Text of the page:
The Internet Stans Vern, a Man Who Said a Woman Could Be President in 1963 (Kind of)
Vern Hause told a local reporter a woman "couldn't do any worse" than some male presidents. Feminist hero?
Today, the internet honors Vern. In Vern we trust. May this, the 12th day of November, henceforth be known as Vern’s Day.
Who is Vern, you might ask? Vern, last name Hause, is a late, great feminist thinker of the 20th century who, like many geniuses, lived and thought before his time, dying in obscurity only for his great contributions to the feminist movement to be rediscovered and properly honored decades after his death.
Just kidding. Vern Hause was a resident of Stevens Point, Wisconsin who, in 1963, told the Minneapolis Tribune he thought a woman could be president — sort of. To be more specific, what Vern actually said was that a female president “couldn’t do any worse than some we’ve had,” but apparently that’s close enough for the Vern stans who have praised the man’s not overtly misogynistic cynicism since the newspaper clip went viral on Twitter earlier this week.
The tweet featuring the unearthed clipping has garnered more than 20,000 likes since it was posted Wednesday by @natepentz, attracting the attention of public figures like political scientist Yascha Mounk and comedian Sarah Silverman. As one twitter user noted, Vern has also received a number of “virtual flowers” on his grave from newfound fans apparently touched by the interviewee’s bare-minimum feminism.
“Vern Hause died in 1975. And simply because he chose not to voice the misogyny that was socially expected of him when asked about a woman president in 1963, five people have left flowers on his virtual grave today—45 years after his death,” tweeted @ashtonpittman, including a link to Vern’s gravesite.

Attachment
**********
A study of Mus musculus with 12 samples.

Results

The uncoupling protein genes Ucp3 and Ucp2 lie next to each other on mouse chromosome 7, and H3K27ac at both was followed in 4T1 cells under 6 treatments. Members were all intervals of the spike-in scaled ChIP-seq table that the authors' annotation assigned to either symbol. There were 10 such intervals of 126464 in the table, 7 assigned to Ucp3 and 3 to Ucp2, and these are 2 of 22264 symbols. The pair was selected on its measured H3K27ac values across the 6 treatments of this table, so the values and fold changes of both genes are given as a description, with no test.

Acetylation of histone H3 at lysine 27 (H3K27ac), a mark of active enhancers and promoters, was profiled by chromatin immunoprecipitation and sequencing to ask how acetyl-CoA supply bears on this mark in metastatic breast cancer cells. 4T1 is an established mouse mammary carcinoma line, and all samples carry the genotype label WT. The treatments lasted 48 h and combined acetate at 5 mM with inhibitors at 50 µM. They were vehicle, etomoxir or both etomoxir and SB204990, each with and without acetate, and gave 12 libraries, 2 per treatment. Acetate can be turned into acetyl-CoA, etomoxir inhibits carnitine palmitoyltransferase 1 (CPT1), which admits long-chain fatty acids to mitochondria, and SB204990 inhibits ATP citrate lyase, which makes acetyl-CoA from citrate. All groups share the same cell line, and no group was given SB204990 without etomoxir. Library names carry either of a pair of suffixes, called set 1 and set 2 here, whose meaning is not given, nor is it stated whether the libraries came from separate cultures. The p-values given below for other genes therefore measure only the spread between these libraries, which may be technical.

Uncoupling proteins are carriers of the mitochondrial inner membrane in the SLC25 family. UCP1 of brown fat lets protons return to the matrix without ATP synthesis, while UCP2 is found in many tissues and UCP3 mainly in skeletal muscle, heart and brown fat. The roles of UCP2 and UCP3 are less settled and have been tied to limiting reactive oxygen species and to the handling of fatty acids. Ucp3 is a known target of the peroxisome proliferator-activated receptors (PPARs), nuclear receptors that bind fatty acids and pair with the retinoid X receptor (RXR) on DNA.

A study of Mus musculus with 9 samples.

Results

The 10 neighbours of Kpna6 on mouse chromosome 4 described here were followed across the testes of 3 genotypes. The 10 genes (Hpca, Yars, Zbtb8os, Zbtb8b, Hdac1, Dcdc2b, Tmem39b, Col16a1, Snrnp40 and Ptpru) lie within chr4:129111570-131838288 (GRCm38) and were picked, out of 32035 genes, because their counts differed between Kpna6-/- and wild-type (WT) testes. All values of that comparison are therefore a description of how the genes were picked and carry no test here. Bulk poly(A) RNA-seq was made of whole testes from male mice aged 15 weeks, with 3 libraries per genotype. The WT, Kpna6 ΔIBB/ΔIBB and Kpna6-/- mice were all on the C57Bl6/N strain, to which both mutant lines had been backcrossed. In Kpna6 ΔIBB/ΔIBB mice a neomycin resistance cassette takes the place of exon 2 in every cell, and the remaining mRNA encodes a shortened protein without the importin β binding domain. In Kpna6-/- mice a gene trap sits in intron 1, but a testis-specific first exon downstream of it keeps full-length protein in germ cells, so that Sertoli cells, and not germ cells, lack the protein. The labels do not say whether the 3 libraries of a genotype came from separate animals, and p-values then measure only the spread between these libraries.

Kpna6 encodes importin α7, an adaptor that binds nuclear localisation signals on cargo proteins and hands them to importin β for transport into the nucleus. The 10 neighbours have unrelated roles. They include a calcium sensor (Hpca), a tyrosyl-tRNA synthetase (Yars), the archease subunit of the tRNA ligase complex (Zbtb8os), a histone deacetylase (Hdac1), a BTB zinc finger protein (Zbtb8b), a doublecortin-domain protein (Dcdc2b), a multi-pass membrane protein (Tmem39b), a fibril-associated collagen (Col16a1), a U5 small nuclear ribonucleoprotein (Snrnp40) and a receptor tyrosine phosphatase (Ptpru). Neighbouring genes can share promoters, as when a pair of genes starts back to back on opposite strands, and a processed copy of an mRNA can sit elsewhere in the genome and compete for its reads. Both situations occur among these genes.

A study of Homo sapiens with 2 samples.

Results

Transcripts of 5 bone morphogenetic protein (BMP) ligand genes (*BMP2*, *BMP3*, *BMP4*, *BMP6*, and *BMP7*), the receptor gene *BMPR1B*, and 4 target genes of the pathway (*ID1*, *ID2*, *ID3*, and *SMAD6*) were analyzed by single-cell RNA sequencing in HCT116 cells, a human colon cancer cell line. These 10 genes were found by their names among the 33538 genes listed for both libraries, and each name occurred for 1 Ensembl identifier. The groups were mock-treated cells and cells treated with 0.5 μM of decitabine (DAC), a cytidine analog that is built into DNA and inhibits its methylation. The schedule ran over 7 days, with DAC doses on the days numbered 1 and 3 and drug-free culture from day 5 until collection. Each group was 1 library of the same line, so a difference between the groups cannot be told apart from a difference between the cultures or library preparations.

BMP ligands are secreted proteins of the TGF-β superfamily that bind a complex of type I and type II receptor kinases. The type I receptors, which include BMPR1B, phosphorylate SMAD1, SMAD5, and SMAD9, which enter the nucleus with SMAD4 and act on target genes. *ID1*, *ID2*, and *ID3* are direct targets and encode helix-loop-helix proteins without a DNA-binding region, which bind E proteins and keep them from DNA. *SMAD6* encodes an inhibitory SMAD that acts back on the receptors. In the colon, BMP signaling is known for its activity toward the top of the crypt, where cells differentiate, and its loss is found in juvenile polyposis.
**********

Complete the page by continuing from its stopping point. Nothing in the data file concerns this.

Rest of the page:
Indeed, while Vern’s response may not exactly be a daring statement of what the New York Post has deemed “blunt feminism,” it is, sadly, the only response from the clipping that even approaches an affirmative answer to the question, “Would a woman be a good president?” Other respondents, both male and female, unequivocally shot down the idea that a woman could make a capable president, most citing arguments that still ring all too familiar today.
“No. Today their mind is one way and the next day, it changes,” said one Frank Kampa, while a Tom Romanowski unapologetically admitted, “I don’t have that much faith in women to let them run the country.”
Meanwhile, a Mrs. Tom Romanowski, with no first name of her own to report, expressed similar misgivings: “A woman is too likely to give in. They might not stand their ground when they should.”
So, unfortunately, that leaves Vern our unsung feminist hero — a man who dared to defy convention, bravely voicing the belief that women are equals capable of screwing up the country just as badly as men.